Hiking matters #524: Hiking up Kaimondake (開聞岳) in Kagoshima, Southern Kyushu
FUKUOKA, JAPAN – From our spellbinding hike in Mt. Kirishima (See Hiking matters #523) we headed to Kagoshima, the beautiful coastal city of Southern Kyushu. Early the next day we took the very first train – 0451H – to Kaimon station, heading further south down to the tip of Ibusuki peninsula.
Kaimon is known for its conical, Fuji-esque appearance – earning for it the monicker of “Satsuma-Fuji”. Although only 924m, it is this cultural significance that has likely earned it a coveted spot in the “Hyakumeizan” – Japan’s “100 Famous Mountains”.
The hike was divided into 10 stations, with the 10th corresponding to the summit. Up to the 2nd station the hike actually goes through a cement road, before entering a woodland – which was lovely were it not for persistent large flies that seemingly orbit around each hiker (it is summer, after all).
The trail is a straightforward ascent, basically spiraling up the mountain – and as Wes’ very helpful blog pointed out – without any switchbacks. The 5th station offered some benches and a viewpoint, while the rock part commenced around the 7th-8th station.
A small red tori signals the end of the trail. At the summit we had fantastic views of the southern coast of Kyushu as far as Yakushima, as well as Lake Ikeda – the largest lake in Kyushu Island. To the north, we could see as far as Sakurajima and behind it, the peaks of Kirishima.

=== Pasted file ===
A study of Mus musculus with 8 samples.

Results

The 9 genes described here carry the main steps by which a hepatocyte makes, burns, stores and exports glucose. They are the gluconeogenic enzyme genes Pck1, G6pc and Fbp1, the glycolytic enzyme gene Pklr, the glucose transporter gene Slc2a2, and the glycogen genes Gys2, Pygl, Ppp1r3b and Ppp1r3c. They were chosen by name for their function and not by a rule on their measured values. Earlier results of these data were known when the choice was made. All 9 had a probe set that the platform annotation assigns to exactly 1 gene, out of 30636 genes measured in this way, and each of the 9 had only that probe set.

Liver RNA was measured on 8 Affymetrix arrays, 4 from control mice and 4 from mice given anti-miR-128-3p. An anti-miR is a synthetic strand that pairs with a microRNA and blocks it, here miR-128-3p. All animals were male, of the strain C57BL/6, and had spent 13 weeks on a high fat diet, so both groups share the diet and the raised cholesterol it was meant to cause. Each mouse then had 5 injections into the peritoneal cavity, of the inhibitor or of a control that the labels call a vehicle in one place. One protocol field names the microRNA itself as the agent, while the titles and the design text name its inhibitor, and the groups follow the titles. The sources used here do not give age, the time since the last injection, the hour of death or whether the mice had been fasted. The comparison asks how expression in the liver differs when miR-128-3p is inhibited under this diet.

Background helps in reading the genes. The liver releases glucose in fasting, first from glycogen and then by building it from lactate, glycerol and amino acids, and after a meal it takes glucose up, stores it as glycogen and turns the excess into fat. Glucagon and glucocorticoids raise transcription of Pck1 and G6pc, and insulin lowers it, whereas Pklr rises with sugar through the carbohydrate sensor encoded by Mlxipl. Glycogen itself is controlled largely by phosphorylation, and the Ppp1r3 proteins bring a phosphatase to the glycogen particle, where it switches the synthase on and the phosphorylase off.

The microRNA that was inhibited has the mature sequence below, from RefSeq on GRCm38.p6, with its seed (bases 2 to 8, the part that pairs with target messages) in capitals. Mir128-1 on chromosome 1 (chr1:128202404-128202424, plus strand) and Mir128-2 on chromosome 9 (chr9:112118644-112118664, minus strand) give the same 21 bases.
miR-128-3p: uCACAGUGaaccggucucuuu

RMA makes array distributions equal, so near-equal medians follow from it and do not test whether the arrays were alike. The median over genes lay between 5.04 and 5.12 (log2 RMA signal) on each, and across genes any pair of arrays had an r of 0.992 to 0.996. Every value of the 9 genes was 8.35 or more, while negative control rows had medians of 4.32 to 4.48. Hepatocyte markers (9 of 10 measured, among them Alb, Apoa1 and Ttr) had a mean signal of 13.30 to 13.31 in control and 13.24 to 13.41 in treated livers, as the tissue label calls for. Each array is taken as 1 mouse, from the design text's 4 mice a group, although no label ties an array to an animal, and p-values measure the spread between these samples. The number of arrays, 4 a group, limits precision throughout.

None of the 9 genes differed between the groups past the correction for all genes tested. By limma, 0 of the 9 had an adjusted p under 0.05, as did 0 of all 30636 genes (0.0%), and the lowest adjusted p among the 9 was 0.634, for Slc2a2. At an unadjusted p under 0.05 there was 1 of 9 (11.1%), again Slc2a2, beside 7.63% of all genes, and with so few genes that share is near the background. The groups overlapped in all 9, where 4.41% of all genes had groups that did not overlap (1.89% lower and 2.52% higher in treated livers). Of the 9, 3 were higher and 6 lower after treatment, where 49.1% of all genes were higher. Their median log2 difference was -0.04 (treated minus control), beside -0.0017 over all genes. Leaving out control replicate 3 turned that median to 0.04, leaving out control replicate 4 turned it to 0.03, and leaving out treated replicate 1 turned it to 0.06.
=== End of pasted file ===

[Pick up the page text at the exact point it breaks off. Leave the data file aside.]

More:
There was no need to hurry on the way down as the next train isn’t until 1408H. So we descended at a leisurely pace, killing time at the 5th station (which happened to be a Pokestop), and even grabbing some celebratory Calpis Water at one of the vending machines near the train station. Fortunately, the train we took led all the way back to Kagoshima!
This ends the ‘winning streak’ of three Hyakumeizan in three days: Kuju, Kirishima, and Kaimon! Mt. Aso is closed due to a recent eruption, and we felt that heading to Mt. Sobo is worthwhile only if it can be combined with Aso. As for Mt. Miyanoura in Yakushima – that too, will have to wait. But my Kyushu trip has given me plenty of reasons to come back.